A pay-for-play sneaker investigation conducted by the FBI and focused on Adidas and several coaches rocked the college basketball world this fall.
Louisville got hit hardest with five-star recruit Brian Bowen at the center of the controversy, his family accused of accepting payments from Adidas to play for the Cardinals.
Bowen, who was suspended and eventually cut loose by Louisville has been silent on the issue. Until now.
He spoke with ESPN’s “Outside the Lines” on Thursday and dropped a bit of a bombshell.
“I was shocked,” Bowen told ESPN’s “Outside The Lines.” “I didn’t believe it at all. … They have to be lying. There’s no way I’m involved in it. I don’t know anything about it.”
Bowen told ESPN he found out about the scandal when it hit the media.
The FBI alleges that Bowen’s father, Brian Bowen Sr. accepted $100,000 from Adidas at the request of a Cardinals coach to sign with Louisville.
Since the scandal broke, Louisville fired Hall of Fame coach Rick Pitino, who sued the school for $38.7 million citing breach of contract. Louisville has since countersued, seeking monetary damages for games vacated under Pitino’s watch, 2013’s national championship included.
It’s been a giant mess. And now this.
Bowen told ESPN that he has not spoken with his father about the alleged payments and is actively avoiding that conversation.
“I don’t want to know anything about it,” Bowen said. “I’ve let him know I’m very upset as far as not being able to play and everything. As far as, you know, the investigation and everything, I don’t even want to talk about it at all.”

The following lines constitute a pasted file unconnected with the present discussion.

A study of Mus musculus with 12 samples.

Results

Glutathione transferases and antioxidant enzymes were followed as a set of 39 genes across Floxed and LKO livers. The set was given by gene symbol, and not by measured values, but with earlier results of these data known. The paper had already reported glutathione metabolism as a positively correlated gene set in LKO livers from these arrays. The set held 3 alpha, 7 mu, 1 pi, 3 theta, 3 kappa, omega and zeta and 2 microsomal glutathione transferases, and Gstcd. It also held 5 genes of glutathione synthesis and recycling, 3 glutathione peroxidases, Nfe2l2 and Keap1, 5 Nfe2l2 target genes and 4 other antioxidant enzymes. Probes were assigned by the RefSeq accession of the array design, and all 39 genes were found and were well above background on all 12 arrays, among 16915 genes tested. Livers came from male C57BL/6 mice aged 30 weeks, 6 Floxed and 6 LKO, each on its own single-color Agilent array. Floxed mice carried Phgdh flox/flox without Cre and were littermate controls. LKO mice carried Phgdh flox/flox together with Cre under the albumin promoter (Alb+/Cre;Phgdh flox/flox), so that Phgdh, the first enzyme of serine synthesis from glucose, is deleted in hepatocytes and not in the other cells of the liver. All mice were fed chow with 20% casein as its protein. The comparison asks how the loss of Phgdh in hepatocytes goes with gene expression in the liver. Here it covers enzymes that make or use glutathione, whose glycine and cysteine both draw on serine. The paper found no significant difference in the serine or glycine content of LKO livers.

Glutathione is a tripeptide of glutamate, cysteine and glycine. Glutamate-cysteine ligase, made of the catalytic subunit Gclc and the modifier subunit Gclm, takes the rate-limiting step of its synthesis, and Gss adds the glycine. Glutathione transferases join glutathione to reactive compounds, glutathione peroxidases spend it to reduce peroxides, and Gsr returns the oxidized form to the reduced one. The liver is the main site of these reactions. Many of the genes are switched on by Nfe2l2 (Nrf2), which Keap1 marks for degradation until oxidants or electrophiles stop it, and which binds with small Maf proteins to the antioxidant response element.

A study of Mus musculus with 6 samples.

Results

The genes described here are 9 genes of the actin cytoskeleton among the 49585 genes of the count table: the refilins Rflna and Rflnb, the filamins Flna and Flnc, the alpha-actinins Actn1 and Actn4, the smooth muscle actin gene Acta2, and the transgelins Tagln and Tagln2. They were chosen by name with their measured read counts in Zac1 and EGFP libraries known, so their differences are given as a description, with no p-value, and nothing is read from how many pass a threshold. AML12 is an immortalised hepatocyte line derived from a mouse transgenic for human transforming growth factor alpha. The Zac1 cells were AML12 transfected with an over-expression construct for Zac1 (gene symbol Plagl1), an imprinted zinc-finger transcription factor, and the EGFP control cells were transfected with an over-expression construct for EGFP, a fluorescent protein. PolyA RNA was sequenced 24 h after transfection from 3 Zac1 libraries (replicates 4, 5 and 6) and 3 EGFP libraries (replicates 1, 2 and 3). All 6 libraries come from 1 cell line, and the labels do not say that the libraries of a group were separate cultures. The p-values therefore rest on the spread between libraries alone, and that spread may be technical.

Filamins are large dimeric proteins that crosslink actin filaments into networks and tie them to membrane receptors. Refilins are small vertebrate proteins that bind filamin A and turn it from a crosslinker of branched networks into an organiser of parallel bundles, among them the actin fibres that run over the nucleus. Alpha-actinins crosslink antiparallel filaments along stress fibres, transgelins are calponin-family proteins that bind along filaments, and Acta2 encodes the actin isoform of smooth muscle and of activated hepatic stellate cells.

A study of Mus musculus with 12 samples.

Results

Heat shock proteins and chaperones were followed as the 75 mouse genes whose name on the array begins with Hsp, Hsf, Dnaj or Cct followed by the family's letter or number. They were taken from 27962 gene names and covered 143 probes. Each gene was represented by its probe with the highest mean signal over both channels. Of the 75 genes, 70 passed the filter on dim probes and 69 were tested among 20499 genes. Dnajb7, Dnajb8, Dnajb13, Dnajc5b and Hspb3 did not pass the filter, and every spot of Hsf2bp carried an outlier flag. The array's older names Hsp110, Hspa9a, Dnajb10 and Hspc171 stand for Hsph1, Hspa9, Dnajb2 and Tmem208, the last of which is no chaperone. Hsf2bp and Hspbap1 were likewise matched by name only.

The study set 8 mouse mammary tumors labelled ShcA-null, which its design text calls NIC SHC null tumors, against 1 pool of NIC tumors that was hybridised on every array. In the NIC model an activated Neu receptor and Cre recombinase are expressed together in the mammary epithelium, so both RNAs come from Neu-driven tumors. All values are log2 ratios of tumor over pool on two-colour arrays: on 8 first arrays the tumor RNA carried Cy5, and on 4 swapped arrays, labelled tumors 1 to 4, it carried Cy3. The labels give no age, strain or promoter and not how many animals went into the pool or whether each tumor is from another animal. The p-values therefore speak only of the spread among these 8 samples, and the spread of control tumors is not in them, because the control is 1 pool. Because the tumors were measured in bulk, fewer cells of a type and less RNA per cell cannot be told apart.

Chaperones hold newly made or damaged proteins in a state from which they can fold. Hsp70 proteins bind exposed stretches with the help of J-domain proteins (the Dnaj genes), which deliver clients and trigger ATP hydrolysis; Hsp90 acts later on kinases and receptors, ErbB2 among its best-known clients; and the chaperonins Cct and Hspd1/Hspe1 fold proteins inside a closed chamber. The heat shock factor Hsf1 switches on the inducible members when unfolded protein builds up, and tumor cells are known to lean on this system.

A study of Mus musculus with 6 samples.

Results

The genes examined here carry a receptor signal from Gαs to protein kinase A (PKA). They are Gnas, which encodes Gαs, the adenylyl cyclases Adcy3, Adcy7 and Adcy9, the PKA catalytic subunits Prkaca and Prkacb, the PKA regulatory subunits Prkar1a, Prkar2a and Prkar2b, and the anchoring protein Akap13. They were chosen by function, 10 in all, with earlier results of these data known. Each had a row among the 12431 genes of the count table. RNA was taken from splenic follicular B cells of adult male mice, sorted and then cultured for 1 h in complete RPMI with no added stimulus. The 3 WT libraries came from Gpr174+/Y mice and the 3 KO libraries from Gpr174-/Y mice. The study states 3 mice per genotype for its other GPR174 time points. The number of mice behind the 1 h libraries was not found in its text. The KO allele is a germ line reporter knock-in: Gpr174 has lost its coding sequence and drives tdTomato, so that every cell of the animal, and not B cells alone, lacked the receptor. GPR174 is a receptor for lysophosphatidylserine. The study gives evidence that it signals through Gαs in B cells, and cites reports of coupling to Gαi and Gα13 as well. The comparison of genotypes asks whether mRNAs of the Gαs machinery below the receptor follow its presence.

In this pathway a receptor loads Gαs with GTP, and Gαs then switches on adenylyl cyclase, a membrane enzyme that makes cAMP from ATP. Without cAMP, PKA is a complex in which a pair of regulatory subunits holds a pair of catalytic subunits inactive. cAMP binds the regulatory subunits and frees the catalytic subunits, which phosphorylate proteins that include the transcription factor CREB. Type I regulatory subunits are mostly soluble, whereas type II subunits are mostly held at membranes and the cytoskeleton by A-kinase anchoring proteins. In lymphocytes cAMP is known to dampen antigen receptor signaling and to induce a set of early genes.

Bowen said that he still wants to play college basketball, that it had been his dream to do so. It seems beyond the pale that any school would risk tying itself to this scandal in any way, regardless of whether or not that’s fair to Bowen. He’s never setting foot on a college court.
All the while, the NCAA’s perpetual greed and insistence on maintaining the guise of amateurism while raking in billions is at the heart of this, and many other college athletics scandals.
Its stance of keeping athletes broke while running minor league funnels to the NFL and NBA has resulted, in this case, in a major basketball program left in tatters and Bowen with nowhere to play. It’s all completely unnecessary. Treat college sports as the business it is, and the FBI doesn’t feel compelled to get involved when a player gets paid for his services and value.
Bowen summed the whole situation up to ESPN better and more succinctly than any sports writer can.
“I feel like I’m a victim because of greedy adults.”